Posted on: Sunday, June 24, 2001

Makakilo observatory tunes in to the sun

By Karen Blakeman
Advertiser Staff Writer

High on a dry and wildfire-blackened ridge above Makakilo, in an outpost once used by the Army as a launch site for missiles, Air Force Master Sgt. Shelia Dollison sat in a bunker-style room filled with dials, screens, gauges and buttons.

Electrical engineer Eugene Kraus points out other antenna arrays atop the Palehua Solar Observatory in the hills above Makakilo. The observatory is one one of six such Air Force solar listening posts around the world.

Cory Lum • The Honolulu Advertiser

Her mission was to monitor the sun, though the name of her workplace on the southern tip of the Wai'anae Mountain range — Palehua Solar Observatory — was misleading. Dollison and the five other solar analysts at Palehua don't observe the sun. They listen.

"Uh huh," Dollison mumbled to herself Friday afternoon. She nodded as she checked the gauges and screens that record radio waves emitted from the sun.

"Here it comes," said Eugene Kraus, a seasoned electrical engineer passing some down time in Dollison's operations room.

Kraus, along with a crew of five Air Force technicians, maintains, rebuilds and sometimes designs from scratch the solar radio equipment Dollison and the others use. The equipment is unique and aging. Creativity while in pursuit of parts is a requirement for those who work with Kraus. One piece of sensitive, high-tech equipment in the array of antennas and dishes outside Dollison's building is counterbalanced by a couple of 55 gallon drums, painted white and suspended 20 feet above the ground.

The team's handiwork is displayed around the world.

Palehua is one of six Air Force observatories that monitor solar flares, noise storms and other releases of energy from the sun. Dollison came on shift at sunrise. Her co-worker would sign off at sunset. With observatories in Australia, Italy, Puerto Rico, Massachusetts and New Mexico, the Air Force analysts never let the sun slip from view. The stakes are too high.

A klaxon wailed three times behind Dollison. She moved quickly from one grouping of screens and gauges to another, recording data and preparing to transmit her first information to the Air Force Weather Agency in Colorado.

"We have a solar event," said Maj. Shawn Filby, Dollison's boss.

Because she hears though the radio monitoring equipment and cannot see the sun, Dollison carries a mental picture of solar events in her head: She sees bubbles of gas rising through a thick, boiling soup, and knows that some of those bubbles could splatter across the solar system toward Earth. She works quickly: Some of the agencies that rely on her services — military and civilian, concerned with space, weather, power and communications in countries throughout the world — will have only moments to react.

Each time she successfully transmitted a message, the computer responded, playing a few bars of the '70s song "Smoke on the Water."

Solar events are bursts of energy rising from sunspots, Filby said. The amount of energy expelled varies greatly, ebbing and surging over 11 year-cycles, growing in strength and frequency as the spots migrate from the poles toward the center of the sun.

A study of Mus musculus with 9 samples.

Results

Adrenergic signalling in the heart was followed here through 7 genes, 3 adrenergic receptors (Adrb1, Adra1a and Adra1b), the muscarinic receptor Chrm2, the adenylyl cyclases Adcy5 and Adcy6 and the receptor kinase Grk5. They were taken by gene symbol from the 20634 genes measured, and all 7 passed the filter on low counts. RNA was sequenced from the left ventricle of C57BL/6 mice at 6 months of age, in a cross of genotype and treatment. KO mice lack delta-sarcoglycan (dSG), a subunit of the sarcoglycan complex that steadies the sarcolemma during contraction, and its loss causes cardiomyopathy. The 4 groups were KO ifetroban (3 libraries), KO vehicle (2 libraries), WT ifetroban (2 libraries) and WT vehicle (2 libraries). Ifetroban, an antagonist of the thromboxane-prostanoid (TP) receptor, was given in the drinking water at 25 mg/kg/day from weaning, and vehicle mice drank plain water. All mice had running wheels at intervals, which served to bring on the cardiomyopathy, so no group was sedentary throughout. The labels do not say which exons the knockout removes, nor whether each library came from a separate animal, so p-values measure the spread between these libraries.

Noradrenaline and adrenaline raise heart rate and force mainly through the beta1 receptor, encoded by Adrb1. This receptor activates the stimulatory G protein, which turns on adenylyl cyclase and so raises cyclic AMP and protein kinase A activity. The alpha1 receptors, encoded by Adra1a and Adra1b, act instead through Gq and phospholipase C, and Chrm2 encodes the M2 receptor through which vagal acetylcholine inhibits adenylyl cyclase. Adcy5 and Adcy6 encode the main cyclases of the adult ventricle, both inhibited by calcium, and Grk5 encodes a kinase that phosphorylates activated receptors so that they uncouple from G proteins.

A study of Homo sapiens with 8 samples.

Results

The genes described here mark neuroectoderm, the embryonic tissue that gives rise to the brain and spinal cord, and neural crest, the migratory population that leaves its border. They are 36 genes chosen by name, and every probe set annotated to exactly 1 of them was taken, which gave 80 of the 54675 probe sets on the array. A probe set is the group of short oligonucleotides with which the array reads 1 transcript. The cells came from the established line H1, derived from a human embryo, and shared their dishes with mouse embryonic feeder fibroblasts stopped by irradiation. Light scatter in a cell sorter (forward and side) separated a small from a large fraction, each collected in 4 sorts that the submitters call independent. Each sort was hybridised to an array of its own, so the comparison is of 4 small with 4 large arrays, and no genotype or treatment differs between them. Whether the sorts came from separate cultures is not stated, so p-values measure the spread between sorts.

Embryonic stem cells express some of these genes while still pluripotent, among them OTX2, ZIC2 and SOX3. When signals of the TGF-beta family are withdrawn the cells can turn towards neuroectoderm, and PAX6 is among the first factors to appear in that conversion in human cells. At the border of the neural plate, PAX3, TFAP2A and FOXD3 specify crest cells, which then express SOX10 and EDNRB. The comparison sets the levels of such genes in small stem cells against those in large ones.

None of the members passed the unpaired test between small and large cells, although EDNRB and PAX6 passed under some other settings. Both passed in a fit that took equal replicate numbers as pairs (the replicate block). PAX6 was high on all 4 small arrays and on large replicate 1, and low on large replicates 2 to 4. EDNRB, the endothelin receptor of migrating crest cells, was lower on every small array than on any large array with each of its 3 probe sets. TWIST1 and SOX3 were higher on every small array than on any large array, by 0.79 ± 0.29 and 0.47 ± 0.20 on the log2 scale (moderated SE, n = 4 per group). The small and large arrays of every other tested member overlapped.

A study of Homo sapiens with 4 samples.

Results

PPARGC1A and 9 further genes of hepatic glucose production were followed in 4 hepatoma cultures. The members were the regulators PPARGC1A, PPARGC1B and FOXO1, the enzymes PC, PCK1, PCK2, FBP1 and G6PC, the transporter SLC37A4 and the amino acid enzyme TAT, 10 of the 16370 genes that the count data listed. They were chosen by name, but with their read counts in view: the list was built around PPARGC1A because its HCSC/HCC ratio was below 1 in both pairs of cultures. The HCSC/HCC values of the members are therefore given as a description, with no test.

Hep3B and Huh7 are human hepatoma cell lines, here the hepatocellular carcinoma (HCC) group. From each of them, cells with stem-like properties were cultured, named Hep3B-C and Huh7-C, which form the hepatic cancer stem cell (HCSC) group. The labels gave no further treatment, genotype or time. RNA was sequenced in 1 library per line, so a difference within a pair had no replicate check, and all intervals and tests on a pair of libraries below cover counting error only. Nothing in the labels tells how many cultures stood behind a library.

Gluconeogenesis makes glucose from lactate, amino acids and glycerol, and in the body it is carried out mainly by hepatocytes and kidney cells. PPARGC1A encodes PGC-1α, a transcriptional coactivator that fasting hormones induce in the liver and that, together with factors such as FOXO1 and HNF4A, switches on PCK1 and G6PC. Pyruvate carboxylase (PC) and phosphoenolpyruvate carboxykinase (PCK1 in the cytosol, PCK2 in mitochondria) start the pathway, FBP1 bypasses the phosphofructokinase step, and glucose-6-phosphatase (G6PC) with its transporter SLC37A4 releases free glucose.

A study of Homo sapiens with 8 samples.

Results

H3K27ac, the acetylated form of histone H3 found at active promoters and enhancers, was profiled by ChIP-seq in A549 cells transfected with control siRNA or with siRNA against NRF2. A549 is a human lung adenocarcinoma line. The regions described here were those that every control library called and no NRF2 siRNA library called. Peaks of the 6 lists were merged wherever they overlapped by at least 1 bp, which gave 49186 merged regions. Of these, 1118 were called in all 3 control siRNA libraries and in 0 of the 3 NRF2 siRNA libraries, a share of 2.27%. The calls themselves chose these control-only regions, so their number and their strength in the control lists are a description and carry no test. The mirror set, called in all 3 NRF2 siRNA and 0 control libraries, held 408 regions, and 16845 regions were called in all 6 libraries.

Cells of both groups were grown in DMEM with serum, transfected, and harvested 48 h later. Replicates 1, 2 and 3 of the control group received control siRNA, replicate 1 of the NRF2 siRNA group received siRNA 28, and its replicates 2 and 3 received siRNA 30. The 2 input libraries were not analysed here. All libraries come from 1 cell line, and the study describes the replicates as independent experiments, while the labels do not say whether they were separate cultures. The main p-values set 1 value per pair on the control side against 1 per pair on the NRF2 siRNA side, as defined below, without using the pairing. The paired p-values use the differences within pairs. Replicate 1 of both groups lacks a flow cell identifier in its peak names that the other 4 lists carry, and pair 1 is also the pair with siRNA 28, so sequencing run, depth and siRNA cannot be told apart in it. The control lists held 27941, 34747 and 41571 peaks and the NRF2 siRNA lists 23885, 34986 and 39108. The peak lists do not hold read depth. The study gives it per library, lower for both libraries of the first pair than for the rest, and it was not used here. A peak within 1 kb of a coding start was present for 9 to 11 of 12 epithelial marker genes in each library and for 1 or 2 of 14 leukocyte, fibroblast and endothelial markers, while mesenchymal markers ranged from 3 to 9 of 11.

Sometimes the events are "noise storms," Filby said, low energy but long-lasting disturbances. More often they are solar flares, fiery geysers that arc from the surface of the sun and fling radio waves and charged particles into space. Sometimes the solar soup is flung directly toward Earth and at the increasingly large array of equipment in orbit.

The most common display of solar energy in contact with the Earth is the Aurora Borealis, caused by charged particles hitting the Earth's magnetic field and flickering across the Northern skies like a massive light show, beautiful and harmless. But the effects of solar events aren't always so benign.

Particles emitted from sun, appearing in space like a minor snowstorm, can trick satellites into thinking they have aligned themselves against the wrong pattern of stars. The deceived satellite realigns itself, and broadcasts Earthling communications to distant galaxies.

X-rays, deadly in large doses to humans who have ventured beyond Earth's protective atmosphere, sometimes find their way into the exploding solar soup, causing astronauts to scurry behind protective surfaces of their crafts and pilots of high-flying U-2 spy planes to dart to less rarefied altitudes. The danger doesn't end there.

Air Force cold warriors and their more modern replacements have found their hearts migrating toward their throats during peak periods of solar activity, as they stared wide-eyed at computer screens falsely showing nuclear missiles cresting the northern horizon, en route to someone's home town. Disaster is evaded through the use of redundant systems, not all of them fooled by solar trickery.

Solar activity in the 11-year cycle peaked within the past year, and appears to have passed with no major losses to residents of Earth.

Life was a bit more dangerous, Filby said, even at the peak of the last cycle.

In 1989, a huge solar flare rose from spots near the center of the sun, shooting radiation and charged particles directly at the Earth. Some hit the magnetic field and were discharged as Northern Lights. Other particles sneaked around to the dark side of the planet and slipped through a weak spot in the magnetic field. Once inside, they headed straight toward what, from space, must have looked like a series of antennae — a giant solar energy lightning rod.

It was the power grid from a large section of Canada and the northern states.